Here at RSPB headquarters at The Lodge in Bedfordshire, we have just received our first copies of the latest magazine. You'll be getting your copies in the next few days - mailing started today. With so many readers (thank you!), it can take several days to get all the copies out, so don't worry if yours takes a few days to arrive.
The new long-tailed tit cover (above) is getting a few "Oohs and "Aaahs" from our colleagues around the RSPB, so that's a good start I reckon. What do you think?
I'll be honest - and this is the first place I've ever admitted this so it's a blog exclusive - it is a nervy time for me as Editor when I open the pages of those first copies, hot off the press. I hope that all the work everyone has put in over the last few months has paid off - it only becomes 'real' for me when we see all the spreads as an actual magazine that you can touch! I'm pleased to report that visually, we are really pleased with the Winter issue. There are some big glossy images from some fantastic photographers that l hope you will enjoy and the writers have produced some great stories to share with you.
Please come back to go behind the scenes of the Winter issue
Over the next few weeks, we'll be bringing you the 'behind the scenes' stories of the features in the Winter issue on this blog. If you want to know how we put together the artwork for our features, or how RSPB cameraman, Toby Hough, shares his wildlife-filming adventures with his children, then do keep coming back. We have lots of extra photos as well that we didn't have room for in the magazine and I'll be posting some on this blog.
If there's anything you particularly enjoy about the Winter issue, please do post a comment below and let us know.
Enjoy your Birds magazine.
We’ve been receiving some good comments from Birds readers about Toby Hough’s Following the cranes feature in the latest issue. Thanks very much – we’re really pleased you enjoyed it!
It was great working closely with Toby and the other guys in the Film Unit on this piece for Birds and finding out about the work of our multiple award-winning Film Unit. It may seem like a glamorous job, but like so many jobs that seem like a breeze on the surface, it is a tough life being a wildlife film maker. Toby’s diaries and the shots of the trip prove how much effort, patience and dedication is needed to film wild birds.
I thought you might be interested in some extra shots of Toby’s travels that we weren’t able to print in the magazine so here are a few extras below. Let me know if you have any questions about what is going on by posting a comment below and I’ll nip across the office to ask Toby!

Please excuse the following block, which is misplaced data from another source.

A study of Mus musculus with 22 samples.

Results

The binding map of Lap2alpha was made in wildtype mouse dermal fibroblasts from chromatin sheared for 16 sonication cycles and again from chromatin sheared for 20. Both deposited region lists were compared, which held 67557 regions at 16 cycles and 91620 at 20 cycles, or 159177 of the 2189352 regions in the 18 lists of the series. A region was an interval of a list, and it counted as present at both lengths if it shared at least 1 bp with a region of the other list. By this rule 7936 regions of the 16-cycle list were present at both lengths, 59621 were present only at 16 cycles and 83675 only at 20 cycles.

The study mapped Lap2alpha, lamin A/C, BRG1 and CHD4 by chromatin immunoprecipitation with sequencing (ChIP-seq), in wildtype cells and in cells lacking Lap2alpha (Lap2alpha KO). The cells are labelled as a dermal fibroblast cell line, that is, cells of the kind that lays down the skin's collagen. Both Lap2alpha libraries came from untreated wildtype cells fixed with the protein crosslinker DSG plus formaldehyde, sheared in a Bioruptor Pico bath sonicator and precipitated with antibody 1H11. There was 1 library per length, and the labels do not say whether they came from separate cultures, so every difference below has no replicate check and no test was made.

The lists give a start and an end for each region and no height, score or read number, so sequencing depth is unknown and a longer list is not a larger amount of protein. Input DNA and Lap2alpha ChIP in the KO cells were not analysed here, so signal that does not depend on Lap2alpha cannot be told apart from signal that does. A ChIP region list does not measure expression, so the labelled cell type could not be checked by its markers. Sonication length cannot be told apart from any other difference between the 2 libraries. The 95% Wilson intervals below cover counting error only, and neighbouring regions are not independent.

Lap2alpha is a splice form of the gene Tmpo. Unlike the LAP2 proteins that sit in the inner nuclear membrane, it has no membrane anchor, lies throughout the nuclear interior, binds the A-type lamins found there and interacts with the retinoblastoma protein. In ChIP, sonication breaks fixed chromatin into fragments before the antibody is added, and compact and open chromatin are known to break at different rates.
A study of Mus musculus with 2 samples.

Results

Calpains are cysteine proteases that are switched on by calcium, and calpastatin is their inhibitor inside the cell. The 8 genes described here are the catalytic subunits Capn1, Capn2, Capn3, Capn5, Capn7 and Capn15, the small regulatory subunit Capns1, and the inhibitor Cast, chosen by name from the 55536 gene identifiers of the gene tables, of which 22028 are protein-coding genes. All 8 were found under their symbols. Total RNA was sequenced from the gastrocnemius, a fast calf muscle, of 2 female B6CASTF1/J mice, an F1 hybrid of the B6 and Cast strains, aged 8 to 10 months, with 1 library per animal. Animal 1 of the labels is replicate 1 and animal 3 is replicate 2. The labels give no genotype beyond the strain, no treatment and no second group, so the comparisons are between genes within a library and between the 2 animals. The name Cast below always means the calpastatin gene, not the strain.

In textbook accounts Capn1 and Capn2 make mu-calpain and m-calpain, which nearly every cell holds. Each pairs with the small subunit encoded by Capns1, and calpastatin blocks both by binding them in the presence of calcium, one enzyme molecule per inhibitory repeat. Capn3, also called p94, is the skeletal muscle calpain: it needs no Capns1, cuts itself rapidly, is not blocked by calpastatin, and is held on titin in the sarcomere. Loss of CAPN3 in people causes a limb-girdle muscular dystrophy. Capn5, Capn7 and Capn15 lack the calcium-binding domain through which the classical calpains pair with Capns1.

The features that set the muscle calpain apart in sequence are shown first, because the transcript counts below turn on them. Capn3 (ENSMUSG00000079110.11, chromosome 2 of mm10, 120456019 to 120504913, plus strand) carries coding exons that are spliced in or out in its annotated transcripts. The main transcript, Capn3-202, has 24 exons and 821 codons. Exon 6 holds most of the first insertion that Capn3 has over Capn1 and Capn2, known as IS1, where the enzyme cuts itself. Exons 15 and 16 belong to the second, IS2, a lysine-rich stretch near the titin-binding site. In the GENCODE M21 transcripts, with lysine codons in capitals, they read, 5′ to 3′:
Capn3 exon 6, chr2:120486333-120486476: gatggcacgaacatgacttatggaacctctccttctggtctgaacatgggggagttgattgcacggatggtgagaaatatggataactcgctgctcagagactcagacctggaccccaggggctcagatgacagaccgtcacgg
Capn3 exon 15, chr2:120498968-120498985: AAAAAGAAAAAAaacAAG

Finally, please do get in touch using the details on page 71 of the magazine if you’d like a copy of Born to Fly. It is a brilliant film and at £9.99, it's is a real bargain – and the perfect Christmas present too.
You may have read about Toby’s brush with mosquitoes, and his battle with a numb bum during six hours in a cramped hide to film cranes at the nest in Poland. Here he is making his way back from the nest along a woodland stream for a well deserved break.
Can you spot the big, long-legged bird in this picture? Take a look on top of the barn and you’ll see the reason why the team erected this platform in rural Poland. It's not a crane; it’s a white stork on its nest.
The next time you feel weighed down by your camera, remember this shot. It’s all the equipment Toby and the team took to Sweden to capture the footage that you can see on Born to Fly.
Here’s Toby ‘going all crane’ to keep up with a sprightly youngster at the Wildfowl & Wetlands Trust centre at Slimbridge where the young cranes were reared for the Great Crane Project. To help prevent ‘human imprinting’ on the young cranes, those who looked after the birds wore these flattering grey cloaks to look like adult cranes. Looking good T!
I hope you enjoyed our cuckoo feature in the latest Birds magazine. Thanks for your letters and e-mails, so far - and for sharing your own stories of cuckoos heard and cuckoos seen.
Derek and Sarah Niemann came back from their trip to South Uist to study cuckoos with a great selection of photographs, including some of other wildlife that they saw on their amazing trip, plus a fair few shots that made me smile!
I hope you enjoy this selection - more to come soon.
Furry or what? Cuckoos love caterpillars and here is a great close up of a garden tiger moth caterpillar that the Niemanns snapped on South Uist.
Any ideas? No, they're not rocks in the water - this is a pod of pilot whales that came close to stranding. Fortunately they escaped unharmed and were able to make it back out to the open sea and deeper water.
A daytime encounter with a short-eared owl was a pleasant distraction from the cuckoos.
Derek takes his chances in the sea off South Uist. I wouldn't fancy paddling there at the moment...
Derek and Sarah described this fellow as being among the 'friendliest' wildlife they encountered!